The dates for the 2015 Dota 2 Championships were announced by Valve on Wednesday. Known as The International, the tournament set records last year for the largest prize pool in eSports at nearly $11 million, 10,000 tickets sold, and live broadcasts on ESPN. Will this be another year of growth for eSports?
The International Dota 2 Championships will take place over the course of six days from Monday, August 3 through Saturday, August 8 in Seattle, Washington. The brief blog post from Valve did not reveal the venue, but did mention that ticket purchase availability will be announced at a later date.
Invitations will be sent to 16 top teams on May 1, 2015. That’s up from 2014, when 11 teams received direct invites. Four other teams earned their way in via regional qualifiers, with another four added as wild cards.
Valve was able to offer the nearly $11 million prize pool for the Dota 2 Championships thanks to crowd-funding through the game’s community. The developer sold the Compendium for $2.50, which was a virtual booklet that players could use to collect in-game rewards.
Additionally, Valve offered rewards to those that purchased the Compendium rewards each time a new prize pool milestone was passed. More than 20 such milestones were passed, unlocking challenges, new map effects, character models, and more.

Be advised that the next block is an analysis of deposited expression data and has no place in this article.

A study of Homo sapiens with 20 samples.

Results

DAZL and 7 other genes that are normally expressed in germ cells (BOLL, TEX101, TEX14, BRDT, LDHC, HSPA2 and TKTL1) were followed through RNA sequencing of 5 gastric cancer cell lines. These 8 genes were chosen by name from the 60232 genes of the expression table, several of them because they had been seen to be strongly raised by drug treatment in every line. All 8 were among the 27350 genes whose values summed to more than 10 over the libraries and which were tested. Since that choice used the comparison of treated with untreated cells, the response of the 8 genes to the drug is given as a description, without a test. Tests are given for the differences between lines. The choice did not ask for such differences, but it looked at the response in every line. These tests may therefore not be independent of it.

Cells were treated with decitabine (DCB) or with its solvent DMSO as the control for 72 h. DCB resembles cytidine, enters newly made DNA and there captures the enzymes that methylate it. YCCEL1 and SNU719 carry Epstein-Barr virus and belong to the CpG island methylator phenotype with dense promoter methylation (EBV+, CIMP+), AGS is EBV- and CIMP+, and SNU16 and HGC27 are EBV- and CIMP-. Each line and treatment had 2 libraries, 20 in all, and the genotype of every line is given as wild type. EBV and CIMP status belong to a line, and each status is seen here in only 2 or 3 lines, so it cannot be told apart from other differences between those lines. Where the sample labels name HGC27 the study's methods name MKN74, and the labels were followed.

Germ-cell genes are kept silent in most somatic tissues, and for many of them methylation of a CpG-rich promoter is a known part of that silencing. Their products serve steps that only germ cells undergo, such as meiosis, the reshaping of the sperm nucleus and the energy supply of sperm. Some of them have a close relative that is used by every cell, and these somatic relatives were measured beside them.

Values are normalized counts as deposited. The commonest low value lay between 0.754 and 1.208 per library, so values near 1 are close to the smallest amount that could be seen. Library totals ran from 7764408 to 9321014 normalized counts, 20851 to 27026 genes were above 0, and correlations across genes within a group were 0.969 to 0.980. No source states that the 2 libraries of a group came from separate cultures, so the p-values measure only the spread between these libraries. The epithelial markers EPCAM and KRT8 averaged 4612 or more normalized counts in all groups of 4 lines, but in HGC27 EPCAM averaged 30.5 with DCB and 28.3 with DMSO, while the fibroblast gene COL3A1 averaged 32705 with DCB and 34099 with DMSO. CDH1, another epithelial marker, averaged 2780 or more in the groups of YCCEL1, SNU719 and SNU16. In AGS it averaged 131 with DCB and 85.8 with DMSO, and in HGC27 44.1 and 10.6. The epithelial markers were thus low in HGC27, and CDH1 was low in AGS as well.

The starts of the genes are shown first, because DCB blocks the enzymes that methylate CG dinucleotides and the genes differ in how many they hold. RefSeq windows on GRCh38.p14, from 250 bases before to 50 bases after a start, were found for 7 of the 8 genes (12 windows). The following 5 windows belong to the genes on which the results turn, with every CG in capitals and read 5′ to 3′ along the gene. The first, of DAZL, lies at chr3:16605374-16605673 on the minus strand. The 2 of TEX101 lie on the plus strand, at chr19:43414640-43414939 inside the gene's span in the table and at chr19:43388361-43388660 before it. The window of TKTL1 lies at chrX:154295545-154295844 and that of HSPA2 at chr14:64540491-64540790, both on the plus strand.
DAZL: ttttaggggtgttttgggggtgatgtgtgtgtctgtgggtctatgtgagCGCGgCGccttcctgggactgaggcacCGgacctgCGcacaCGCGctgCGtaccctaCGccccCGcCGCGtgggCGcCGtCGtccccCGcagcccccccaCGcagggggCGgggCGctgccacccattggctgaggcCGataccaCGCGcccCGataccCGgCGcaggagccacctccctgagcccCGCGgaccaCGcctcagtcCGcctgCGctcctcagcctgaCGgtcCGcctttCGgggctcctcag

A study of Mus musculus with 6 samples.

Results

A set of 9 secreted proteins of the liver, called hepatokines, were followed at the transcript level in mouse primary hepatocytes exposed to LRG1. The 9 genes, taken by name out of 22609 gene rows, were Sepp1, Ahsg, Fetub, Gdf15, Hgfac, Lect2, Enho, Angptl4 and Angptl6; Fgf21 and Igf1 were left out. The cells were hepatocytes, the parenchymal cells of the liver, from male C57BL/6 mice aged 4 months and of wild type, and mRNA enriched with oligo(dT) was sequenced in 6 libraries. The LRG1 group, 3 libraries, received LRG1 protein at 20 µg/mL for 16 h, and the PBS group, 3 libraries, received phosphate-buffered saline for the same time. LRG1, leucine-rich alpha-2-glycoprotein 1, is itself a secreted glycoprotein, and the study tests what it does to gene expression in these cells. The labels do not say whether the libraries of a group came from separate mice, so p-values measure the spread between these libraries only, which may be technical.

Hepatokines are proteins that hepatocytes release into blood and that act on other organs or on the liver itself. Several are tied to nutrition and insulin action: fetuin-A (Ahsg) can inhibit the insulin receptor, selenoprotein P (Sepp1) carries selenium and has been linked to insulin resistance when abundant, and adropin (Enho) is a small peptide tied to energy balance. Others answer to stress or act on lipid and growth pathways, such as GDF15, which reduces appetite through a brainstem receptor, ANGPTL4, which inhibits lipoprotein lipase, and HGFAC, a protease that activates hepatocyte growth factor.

This kind of crowd-funding for prize pools is becoming more common in eSports. Hi-Rez Studios did something similar with The Odyssey for the SMITE World Championships that is taking place this weekend in Atlanta, Georgia. The prize pool for that tournament has grown to over $2.5 million, a strong sum of money for a game that does not share the same level of popularity as Dota 2.
Riot Games has already made clear that it is not going the same direction for its League of Legends tournaments. The company told Polygon last year that it was not interested in “begging” its community to contribute to tournament prize pools.
Poylgon‘s Emily Gera wrote the following.
“Riot hopes to avoid the possible long-term issues that a crowdfunded prize pool could produce, we’re told… According to [Riot head of EU eSports Jason] Yeh, this method potentially sets a company up for having a year with less money than the previous year, which by all accounts would be a ‘disaster.’”
With Dota 2 still growing in population, it doesn’t seem like this will be the year that the prize pool size will take a step back for The International. If anything, the earlier announcement of the 2015 Dota 2 Championship suggests that Valve may make the crowd-funding period longer than last year.
Did you enjoy the setup of the Dota 2 Championship for 2014? How do you think the 2015 edition could be better? Sound off in the comments below.